Kenneth W. Starr, the former independent counsel, appeals court judge, and U.S. solicitor general, is going to be practicing law again.
He’s joining the Houston trial firm, The Lanier Law Firm, which is involved in some of the country’s biggest civil disputes, including over hip replacements and talcum powder.
The move comes more than a year after Starr, 72, left his post as president and chancellor of Texas’s Baylor University.
Starr already has been working with the Lanier firm’s appellate litigation team on multi-million-dollar hip implant litigation against Johnson & Johnson and its subsidiary DePuy Orthopaedics Inc.
“This was not a responsibility I was actively seeking, but is a natural outgrowth of our common interests and the good we believe we can do together,” Starr said in a statement.
W. Mark Lanier, who was Starr’s personal attorney, founded the firm in 1990. He and Starr have defended each other publicly when each has faced criticism—Lanier for his role in the DePuy case, and Starr over a sexual assault scandal mainly involving athletes at Baylor that ultimately resulted in his departure.
Starr stood up for Lanier after he won a $1.04 billion verdict against J&J and DePuy but saw it chopped in half by a federal judge in Dallas. Earlier this year, the $502 million award was tossed after the U.S. Court of Appeals for the Fifth Circuit decided that it was based on some of Lanier’s “unequivocally deceptive” conduct involving witnesses.
Starr, who is best known for his prosecutorial zeal in investigating President Bill Clinton over the Monica Lewisnky affair, vouched for his longtime friend as having “vanquished, fair and square” his opponents.
He said the corporate sources made up allegations that Lanier hid payments to expert witnesses, according to a May 2017 article in the National Law Journal.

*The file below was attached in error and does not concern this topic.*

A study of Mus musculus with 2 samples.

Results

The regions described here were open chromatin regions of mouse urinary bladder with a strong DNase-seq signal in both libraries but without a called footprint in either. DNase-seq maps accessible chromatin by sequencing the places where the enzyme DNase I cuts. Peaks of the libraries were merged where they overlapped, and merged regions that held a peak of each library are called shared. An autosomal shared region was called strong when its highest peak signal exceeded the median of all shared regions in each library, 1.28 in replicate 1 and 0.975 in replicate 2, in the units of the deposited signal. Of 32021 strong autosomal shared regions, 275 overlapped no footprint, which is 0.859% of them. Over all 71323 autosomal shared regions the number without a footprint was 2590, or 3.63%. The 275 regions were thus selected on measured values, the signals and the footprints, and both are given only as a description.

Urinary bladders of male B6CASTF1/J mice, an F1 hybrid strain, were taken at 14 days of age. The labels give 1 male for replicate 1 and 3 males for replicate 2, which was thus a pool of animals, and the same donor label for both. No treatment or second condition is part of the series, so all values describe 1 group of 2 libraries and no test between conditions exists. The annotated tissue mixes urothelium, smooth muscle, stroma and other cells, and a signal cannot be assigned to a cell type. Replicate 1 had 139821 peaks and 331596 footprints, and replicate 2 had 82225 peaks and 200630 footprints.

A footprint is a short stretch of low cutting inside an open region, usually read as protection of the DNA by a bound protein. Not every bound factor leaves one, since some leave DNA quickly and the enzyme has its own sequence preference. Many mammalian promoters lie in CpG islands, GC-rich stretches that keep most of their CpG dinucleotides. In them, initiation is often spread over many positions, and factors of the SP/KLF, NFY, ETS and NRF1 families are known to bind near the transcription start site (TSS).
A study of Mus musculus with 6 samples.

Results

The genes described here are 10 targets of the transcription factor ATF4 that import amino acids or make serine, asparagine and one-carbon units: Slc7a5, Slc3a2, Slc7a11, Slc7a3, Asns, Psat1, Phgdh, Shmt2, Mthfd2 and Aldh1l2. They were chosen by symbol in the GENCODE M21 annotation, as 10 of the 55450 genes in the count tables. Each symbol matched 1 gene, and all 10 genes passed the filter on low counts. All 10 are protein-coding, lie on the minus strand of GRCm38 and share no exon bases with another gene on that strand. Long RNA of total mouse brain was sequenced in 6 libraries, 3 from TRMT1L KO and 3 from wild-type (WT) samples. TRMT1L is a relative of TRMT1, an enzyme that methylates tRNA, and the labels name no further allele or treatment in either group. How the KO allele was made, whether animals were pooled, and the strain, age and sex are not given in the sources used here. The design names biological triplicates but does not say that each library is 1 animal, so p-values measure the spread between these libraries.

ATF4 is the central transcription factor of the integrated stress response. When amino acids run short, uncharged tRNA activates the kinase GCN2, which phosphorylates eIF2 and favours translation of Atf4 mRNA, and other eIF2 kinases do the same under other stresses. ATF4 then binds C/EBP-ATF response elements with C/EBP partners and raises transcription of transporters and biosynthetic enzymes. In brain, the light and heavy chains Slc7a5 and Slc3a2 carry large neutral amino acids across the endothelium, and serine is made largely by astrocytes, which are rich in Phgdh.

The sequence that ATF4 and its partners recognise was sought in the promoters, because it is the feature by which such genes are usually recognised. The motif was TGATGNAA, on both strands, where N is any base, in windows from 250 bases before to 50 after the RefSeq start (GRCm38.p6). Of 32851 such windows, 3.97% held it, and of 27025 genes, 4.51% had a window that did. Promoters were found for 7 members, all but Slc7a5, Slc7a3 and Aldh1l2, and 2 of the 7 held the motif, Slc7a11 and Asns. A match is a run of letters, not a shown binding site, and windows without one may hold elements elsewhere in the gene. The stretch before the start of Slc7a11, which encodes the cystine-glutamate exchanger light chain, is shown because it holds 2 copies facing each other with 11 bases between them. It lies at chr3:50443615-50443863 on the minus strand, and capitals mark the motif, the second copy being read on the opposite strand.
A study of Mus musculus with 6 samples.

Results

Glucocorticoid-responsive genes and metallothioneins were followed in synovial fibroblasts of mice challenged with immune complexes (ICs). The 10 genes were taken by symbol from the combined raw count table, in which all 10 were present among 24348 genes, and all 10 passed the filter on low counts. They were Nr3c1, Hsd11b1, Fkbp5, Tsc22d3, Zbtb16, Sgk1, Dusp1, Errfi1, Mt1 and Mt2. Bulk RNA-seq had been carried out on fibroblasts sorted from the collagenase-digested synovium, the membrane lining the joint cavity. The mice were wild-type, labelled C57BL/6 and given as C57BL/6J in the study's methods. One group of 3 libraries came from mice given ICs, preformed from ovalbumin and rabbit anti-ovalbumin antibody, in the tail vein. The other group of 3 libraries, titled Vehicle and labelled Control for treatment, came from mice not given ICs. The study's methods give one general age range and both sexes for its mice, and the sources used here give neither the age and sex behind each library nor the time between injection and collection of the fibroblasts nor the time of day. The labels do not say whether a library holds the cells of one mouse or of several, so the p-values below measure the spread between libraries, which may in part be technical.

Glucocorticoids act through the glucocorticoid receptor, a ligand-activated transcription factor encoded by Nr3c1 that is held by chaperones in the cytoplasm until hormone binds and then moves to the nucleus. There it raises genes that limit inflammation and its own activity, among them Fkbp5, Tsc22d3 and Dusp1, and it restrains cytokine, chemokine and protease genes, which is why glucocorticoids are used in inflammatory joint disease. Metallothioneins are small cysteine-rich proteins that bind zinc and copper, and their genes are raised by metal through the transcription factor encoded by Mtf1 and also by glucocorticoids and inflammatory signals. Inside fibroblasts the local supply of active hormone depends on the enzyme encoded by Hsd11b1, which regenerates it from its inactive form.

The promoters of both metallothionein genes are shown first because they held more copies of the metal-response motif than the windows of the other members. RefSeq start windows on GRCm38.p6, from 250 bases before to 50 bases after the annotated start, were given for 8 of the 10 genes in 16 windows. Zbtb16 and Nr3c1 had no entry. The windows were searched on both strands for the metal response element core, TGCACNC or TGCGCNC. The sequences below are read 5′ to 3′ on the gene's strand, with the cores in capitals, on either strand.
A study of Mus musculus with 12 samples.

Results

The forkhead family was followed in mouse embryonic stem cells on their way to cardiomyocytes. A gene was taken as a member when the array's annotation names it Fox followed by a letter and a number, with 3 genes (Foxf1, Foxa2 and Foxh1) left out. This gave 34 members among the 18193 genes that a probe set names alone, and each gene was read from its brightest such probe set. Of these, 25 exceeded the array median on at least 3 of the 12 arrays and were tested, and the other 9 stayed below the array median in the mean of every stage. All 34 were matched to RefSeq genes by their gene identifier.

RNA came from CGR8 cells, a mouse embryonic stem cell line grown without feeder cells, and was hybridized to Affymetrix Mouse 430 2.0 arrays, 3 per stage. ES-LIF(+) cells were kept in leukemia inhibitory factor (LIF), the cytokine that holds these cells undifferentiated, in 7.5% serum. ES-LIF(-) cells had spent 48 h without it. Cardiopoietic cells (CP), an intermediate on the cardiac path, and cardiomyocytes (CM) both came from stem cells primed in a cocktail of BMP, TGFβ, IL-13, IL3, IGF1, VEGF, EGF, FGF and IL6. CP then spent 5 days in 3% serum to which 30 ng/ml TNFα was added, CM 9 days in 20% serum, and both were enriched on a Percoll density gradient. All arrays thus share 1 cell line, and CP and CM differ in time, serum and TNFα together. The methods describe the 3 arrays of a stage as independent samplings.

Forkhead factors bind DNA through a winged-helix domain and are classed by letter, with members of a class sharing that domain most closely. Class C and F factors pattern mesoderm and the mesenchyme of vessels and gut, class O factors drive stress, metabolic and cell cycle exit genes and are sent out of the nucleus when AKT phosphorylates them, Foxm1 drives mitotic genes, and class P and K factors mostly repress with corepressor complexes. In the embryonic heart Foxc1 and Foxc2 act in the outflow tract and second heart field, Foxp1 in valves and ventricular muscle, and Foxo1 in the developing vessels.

Lanier, in 2016, defended Starr after the Baylor Board of Regents let him go following the scandal involving allegations that it concealed reports of alleged sexual assault by football players.
Starr is a former federal judge who left the bench in 1989 to become George H.W. Bush’s solicitor general. He later joined Kirkland & Ellis as a partner in its Washington office in 1993.
The next year, he replaced the independent counsel overseeing the inquiry of the Clintons and the Whitewater land deal in Arkansas that later was expanded to cover the Lewinsky matter.
Clinton was impeached over Lewinsky in 1998 and Starr’s involvement in the investigation has received renewed attention because his deputy in the investigation was Supreme Court nominee Brett Kavanaugh.
Starr returned to Kirkland after concluding the special counsel investigation before turning to academia. He became dean of Pepperdine University School of Law and then went to Baylor.
Lanier has been involved in a variety of disputes, including representing nearly two dozen women who sued Johnson & Johnson on grounds that using its talcum powder for daily hygiene resulted in ovarian cancer. A St. Louis jury awarded them a $4.7 billion verdict in July. J&J is appealing.